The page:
Romantic Love: All Just Neurobiology?

This post is dedicated to my one true love.

Using functional magnetic resonance imaging (fMRI), it has been possible for several years to study the neurobiological substrate of highly subjective mental states, such as romantic love. The influential London neuroscientist Semir Zeki has written a number of papers on this matter (e.g. Zeki, FEBS Letters, 2007, 581: 2575-2579), the essence of which I will summarize briefly here.When people in love are being shown pictures of their partner, they  – regardless of gender – demonstrate characteristic fMRI activations in the medial insular cortex, the anterior cingulate and the posterior hippocampus. Subcortical activations occur in parts of the basal ganglia, including the nucleus accumbens, brain structures that play a role as part of the so-called human reward system. It is not surprising that the brain regions that are active during sexual arousal overlap with the above but are not identical. Interestingly, in people in love, which are shown pictures of their partner, the same degree of deactivations of particular cortical (frontal, temporal and parietal) brain areas can be observed. Especially the decrease in frontal brain activity can be seen as a neuronal representation of the loss of critical distance and judgment in lovers. “Love makes blind”, especially in terms of the errors and shortcomings of the loved one. Furthermore, the amygdala, which is activated during presentation of fearful stimuli, is deactivated in active young lovers. The decrease in activation of this complex network of frontal and parieto-temporal cortices and the amygdala, which is normally activated for recognition of emotions and intentions of other persons (in neurobiology called “mentalizing” or “theory of mind”), leads to the resolution of the boundaries of the amorous couple, a condition which is considered as the culmination and the ideal of romantic love. For the neutral observer, the person in love in this state acts “crazy” and incapable of critical judgment against the partner.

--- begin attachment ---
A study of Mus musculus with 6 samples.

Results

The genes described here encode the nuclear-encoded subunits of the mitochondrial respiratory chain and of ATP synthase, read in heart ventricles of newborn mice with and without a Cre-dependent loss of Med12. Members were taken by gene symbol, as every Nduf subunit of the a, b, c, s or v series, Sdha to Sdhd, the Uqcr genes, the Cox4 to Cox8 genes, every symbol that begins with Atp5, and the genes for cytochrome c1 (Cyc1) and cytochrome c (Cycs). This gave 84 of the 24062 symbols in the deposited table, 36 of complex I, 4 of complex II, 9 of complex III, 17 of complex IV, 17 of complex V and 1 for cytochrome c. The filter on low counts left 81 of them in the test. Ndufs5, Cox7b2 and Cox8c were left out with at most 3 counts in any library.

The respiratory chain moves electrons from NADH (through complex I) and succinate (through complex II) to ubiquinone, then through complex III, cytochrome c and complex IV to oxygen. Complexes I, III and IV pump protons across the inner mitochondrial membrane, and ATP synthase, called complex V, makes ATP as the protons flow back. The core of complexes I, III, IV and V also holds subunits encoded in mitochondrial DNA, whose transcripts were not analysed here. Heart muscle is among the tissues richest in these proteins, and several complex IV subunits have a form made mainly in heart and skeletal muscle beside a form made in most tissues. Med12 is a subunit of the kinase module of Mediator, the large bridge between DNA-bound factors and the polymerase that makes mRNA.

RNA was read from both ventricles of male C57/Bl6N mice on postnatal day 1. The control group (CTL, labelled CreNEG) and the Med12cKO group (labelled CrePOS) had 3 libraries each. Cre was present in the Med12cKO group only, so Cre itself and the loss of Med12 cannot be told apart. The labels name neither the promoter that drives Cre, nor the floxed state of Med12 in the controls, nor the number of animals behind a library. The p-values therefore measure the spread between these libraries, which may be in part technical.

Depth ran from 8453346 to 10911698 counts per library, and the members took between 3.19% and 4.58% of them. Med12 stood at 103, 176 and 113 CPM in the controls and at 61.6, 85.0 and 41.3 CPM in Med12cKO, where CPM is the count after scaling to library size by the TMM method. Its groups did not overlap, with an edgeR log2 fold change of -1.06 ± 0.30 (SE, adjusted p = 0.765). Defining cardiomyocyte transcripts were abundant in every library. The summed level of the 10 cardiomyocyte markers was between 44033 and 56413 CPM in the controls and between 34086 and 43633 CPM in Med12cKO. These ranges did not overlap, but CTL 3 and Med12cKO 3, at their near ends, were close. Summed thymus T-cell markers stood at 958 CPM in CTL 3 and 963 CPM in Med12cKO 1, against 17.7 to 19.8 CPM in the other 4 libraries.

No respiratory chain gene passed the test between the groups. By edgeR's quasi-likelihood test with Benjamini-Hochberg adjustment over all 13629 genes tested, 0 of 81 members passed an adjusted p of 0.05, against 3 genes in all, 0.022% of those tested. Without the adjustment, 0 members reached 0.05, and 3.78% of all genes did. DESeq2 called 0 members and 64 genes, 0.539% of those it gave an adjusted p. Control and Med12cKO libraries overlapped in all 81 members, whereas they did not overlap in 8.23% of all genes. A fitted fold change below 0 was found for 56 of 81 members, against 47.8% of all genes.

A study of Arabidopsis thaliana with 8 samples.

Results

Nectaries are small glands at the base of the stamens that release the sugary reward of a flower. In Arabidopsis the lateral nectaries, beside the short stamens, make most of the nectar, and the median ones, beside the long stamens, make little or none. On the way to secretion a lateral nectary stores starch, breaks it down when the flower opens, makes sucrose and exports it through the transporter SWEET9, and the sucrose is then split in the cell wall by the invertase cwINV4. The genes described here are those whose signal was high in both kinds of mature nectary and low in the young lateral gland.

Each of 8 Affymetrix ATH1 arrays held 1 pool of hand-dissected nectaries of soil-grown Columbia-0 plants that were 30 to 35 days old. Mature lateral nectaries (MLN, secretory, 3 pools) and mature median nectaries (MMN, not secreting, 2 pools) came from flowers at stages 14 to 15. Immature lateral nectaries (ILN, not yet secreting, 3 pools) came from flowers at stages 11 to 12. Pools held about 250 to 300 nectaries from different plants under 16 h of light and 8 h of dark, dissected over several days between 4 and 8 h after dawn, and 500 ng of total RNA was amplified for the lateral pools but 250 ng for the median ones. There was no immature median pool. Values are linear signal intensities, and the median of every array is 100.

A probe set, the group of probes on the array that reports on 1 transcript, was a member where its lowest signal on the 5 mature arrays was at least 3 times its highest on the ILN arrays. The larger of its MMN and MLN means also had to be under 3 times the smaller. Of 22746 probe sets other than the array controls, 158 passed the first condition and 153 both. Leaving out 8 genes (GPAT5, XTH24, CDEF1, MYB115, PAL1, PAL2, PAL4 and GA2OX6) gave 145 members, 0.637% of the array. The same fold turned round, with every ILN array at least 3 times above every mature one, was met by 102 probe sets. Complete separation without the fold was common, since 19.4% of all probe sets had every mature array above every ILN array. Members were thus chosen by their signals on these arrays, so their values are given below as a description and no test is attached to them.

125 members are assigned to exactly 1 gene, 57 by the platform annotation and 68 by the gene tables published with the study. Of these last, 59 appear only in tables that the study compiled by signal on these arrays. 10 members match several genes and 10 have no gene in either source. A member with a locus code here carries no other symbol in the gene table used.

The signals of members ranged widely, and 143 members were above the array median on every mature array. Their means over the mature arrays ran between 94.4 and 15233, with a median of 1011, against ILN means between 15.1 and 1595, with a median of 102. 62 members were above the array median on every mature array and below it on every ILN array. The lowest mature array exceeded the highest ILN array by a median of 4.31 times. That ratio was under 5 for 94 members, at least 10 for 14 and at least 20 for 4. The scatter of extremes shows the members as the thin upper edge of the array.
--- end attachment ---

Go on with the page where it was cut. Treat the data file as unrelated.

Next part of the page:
From a neurochemical viewpoint, the release of dopamine plays a central role in both pairing and bonding as well as during sex. Most above-mentioned brain regions that are activated in people in love have a rich dopaminergic innervation. The observation that intense romantic relationships can have addictive nature, emphasizes the importance of this neurotransmitter in the context of addiction. It is particularly noteworthy that to the degree that dopaminergic activity is increased the activity of serotonergic neurons is reduced, to a level which can be observed in people with obsessive-compulsive disorder (OCD). Lovers are “obsessed” with their partner, their thinking revolves around the loved one. The concentrations of nerve growth factor (NGF) are significantly increased in early stages of romantic love compared to people without partners and people in long-lasting partnerships, and its concentration correlates with the extent of romantic feelings. Finally, it has been known for some years that oxytocin (and partly vasopressin) are of special importance for the formation of social bonds. The concentrations of oxytocin rise dramatically especially in the phase of the pairing and bonding. Again, it is not surprising that oxytocin is released during orgasm also.

Is therefore romantic love a purely biological phenomenon? Has neurobiology also demystified this most human of all emotions? Can we generate love one day by administering drugs or stimulation of certain brain areas? Or reduce the extent of romantic feelings in the same way, if we love too “crazy”, too “blind”, too “obsessed”? Are not already with the selective serotonin reuptake inhibitors (SSRI) medications available that could reduce some excessive excrescences of love? Love, even romantic love, has a biological basis and an important function in the context of conservation of species. However, I am convinced that beyond this biological role love has an existential meaning for humans. Without this transcendent element of love there were no Werther, no Romeo and Juliet, no Anna Karenina, probably no music, no art, no literature at all. All this raises man beyond a pure biological mechanism and makes him the incomprehensible being who is constantly struggling for the meaning of his own.